Ahead of tonight’s Parliaments, Politics and People seminar at the Institute of Historical Research, we hear from Anna Harrington, a PhD candidate at the University of Leicester. She spoke at our previous session on 25 February about her research into the campaigning of William Wilberforce following the abolition of the slave trade in 1807…
William Wilberforce (1759-1833) is remembered as the MP who championed the abolition of the slave trade in 1807. He retired from the House of Commons in 1825, after forty-five years as an MP (1780-1825). My PhD thesis, which is a reassessment of Wilberforce’s abolitionist activity throughout his career, argues that in many ways the years after the abolition of the slave trade reflect what Wilberforce had done within that first campaign.
Wilberforce was as active an abolitionist in the second half of his career as he was in the first, but after the abolition of the British slave trade, abolitionist activity developed three distinct branches: the first enforcing British abolition, the second encouraging other nations to abolish their slave trades, and the third attempting to reform slavery.
None of these aims were new. Opponents of abolition had claimed that it would be unenforceable in the parliamentary debates on the matter. In the late 1780s, Wilberforce and William Pitt had made overtures to the French government in the hopes of securing promises on the slave trade. In his speeches on abolition, Wilberforce had claimed that ending the slave trade would encourage slave-owners to treat enslaved persons better, to reduce mortality rates and increase birth rates, thereby reforming slavery through abolition.
In February 1822, Wilberforce published Lettre à l’Empereur Alexandre sur la traite des noirs (A Letter to the Tsar Alexander on the Slave Trade). Thirteen months later, in March 1823, he published An Appeal to the Religion, Justice and Humanity of the Inhabitants of the British Empire in behalf of the Negro Slaves in the West Indies. These two publications, I argue, marked the final shift in mainstream abolitionism from a focus on the slave trade to the wider issue of slavery.
During the 1810s, the majority of Wilberforce’s efforts were focused on enforcing British abolition and securing European abolition. After the passage of the Slave Trade Felony Act in 1811, the abolitionists lobbied for a register of slaves to be created, to suppress the illegal slave trade. In 1806, Wilberforce proposed an Address to George III, asking him to negotiate with foreign powers to establish an agreement for abolishing their slave trades, which he repeated several times during the following decade.
This continued to be the focus of his energies beyond the resurgence of the popular movement in 1814 and the general declaration against the trade made by the Congress of Vienna in 1815. Abolition measures were, as a result of abolitionist pressure, included in treaties made with various nations throughout the decade.
His Lettre to Tsar Alexander I, in 1822, had two purposes. Firstly, it asked the Tsar to encourage other European powers, especially the French, to abolish their slave trades. Secondly, published eight months before the Congress of Verona, it was the latest in a series of pamphlets written by British abolitionists to be circulated abroad with the aim of increasing public awareness of, and support for, the abolition of the slave trade.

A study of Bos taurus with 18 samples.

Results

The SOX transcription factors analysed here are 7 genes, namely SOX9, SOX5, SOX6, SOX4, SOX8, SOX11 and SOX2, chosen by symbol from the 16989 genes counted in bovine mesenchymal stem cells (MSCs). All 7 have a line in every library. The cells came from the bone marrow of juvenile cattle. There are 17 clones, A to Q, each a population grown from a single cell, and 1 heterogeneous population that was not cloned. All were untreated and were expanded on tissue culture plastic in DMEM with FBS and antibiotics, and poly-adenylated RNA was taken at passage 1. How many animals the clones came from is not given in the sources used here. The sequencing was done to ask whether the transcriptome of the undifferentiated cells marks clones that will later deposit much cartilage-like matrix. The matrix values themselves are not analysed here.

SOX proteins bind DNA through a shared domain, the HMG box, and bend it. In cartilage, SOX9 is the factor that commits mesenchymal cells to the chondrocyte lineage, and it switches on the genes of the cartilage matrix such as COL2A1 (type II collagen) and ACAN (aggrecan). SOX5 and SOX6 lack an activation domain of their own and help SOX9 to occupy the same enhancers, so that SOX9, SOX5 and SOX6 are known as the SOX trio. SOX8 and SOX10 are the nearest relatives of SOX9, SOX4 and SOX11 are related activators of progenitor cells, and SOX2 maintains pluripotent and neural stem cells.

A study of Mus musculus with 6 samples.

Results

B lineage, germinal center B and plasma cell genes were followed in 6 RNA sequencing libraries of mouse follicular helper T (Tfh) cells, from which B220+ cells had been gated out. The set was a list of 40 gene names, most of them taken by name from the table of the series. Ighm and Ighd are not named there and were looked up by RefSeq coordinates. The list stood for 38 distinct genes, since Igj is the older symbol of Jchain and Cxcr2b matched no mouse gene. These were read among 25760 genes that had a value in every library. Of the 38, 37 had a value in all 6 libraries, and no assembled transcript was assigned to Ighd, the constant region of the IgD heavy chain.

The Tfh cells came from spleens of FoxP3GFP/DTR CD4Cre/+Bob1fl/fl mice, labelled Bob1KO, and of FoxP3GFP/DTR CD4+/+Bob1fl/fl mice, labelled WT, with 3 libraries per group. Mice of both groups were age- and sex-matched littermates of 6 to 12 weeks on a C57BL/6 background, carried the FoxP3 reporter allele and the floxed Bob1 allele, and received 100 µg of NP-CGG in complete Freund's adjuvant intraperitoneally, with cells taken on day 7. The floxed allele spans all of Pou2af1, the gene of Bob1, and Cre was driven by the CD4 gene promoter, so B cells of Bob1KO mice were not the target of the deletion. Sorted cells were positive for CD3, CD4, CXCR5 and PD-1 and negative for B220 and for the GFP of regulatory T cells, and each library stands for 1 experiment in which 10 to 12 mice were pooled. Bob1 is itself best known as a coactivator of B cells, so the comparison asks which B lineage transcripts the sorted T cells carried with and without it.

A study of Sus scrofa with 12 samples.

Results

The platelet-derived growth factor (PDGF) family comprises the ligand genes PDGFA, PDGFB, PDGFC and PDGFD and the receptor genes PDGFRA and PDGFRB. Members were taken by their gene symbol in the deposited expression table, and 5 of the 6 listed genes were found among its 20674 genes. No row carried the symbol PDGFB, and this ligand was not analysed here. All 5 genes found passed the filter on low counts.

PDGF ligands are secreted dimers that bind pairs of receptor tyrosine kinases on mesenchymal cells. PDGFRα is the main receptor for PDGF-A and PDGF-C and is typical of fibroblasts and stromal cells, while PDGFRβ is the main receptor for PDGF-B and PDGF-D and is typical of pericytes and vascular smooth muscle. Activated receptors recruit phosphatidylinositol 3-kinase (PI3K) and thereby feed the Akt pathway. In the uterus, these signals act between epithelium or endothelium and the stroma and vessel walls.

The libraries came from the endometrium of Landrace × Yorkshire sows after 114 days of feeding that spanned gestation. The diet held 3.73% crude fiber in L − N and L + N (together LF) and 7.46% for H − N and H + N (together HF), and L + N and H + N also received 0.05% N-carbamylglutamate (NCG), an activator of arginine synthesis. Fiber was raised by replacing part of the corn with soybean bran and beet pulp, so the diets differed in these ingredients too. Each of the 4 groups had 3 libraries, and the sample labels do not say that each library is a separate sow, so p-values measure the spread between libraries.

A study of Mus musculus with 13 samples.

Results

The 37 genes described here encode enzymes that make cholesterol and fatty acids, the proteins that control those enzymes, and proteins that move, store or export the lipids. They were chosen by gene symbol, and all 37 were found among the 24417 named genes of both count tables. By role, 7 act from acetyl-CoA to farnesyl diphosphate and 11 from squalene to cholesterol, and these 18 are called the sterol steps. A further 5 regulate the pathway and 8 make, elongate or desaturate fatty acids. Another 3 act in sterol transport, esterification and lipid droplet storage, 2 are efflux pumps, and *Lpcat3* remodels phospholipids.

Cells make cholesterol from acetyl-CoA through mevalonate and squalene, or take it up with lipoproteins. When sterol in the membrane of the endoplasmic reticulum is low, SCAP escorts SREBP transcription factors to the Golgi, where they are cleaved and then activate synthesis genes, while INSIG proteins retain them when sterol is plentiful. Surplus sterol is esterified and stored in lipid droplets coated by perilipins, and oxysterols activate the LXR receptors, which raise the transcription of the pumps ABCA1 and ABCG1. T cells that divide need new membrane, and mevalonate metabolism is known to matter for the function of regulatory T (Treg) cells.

In 1814, Wilberforce published a similar ‘letter’, addressed to Prince Talleyrand, the French Minister for Foreign Affairs. This earlier pamphlet had been published in both French and English, to raise awareness abroad and to reassure the recent petitioners that the matter was being pursued. The 1822 Lettre was only published in French, reflecting a decrease in interest in the slave trade in Britain as the conditions of slavery became a more pressing concern.
From 1818 to 1823, Wilberforce was increasingly active in his public efforts to ameliorate slavery, and less active in efforts to expand slave trade abolition. Between 1811 and 1816, he had been a member of a Commission managing crown-owned estates, and enslaved persons, in Berbice. Despite the relative failure of the Commission, and the criticisms made by the West India interest, many of the instructions given by the Commission – religious education, encouraging Christian marriage, prohibiting the use of the whip – were included in the abolitionists’ plans for ameliorating slavery.
In April 1818, he moved for copies of all laws regarding the treatment of enslaved persons to be presented to the House of Commons, which went on to form the evidence base for pro-emancipation literature published in 1823. In 1820, he considered retirement, but decided to continue as an MP for at least another two years because he ‘should like to lay a foundation for some future measures for the emancipation of the poor slaves.’
Seven months later, Wilberforce invited Thomas Fowell Buxton to take over the leadership of the abolitionists in parliament. Buxton and Wilberforce were founding members of the Society for the Mitigation and Gradual Abolition of Slavery throughout the British Dominions in January 1823.
In March 1823, the same month that he published An Appeal, Wilberforce presented a Quaker petition for emancipation to the Commons. After the accompanying speech, George Canning, the Foreign Secretary, asked if Wilberforce planned a motion on the topic. Buxton responded, giving notice of his intention to do so. The petition was planned to be the ‘opening of the parliamentary campaign’ (according to Buxton’s memoir) and worked as a public handover of the abolitionist baton to Buxton.
Our next seminar takes place at the IHR on 10 March at 17:15 in N202, when Sean Kelsey will be speaking on ‘The Bonfire Night coup: power politics at the Putney debates’.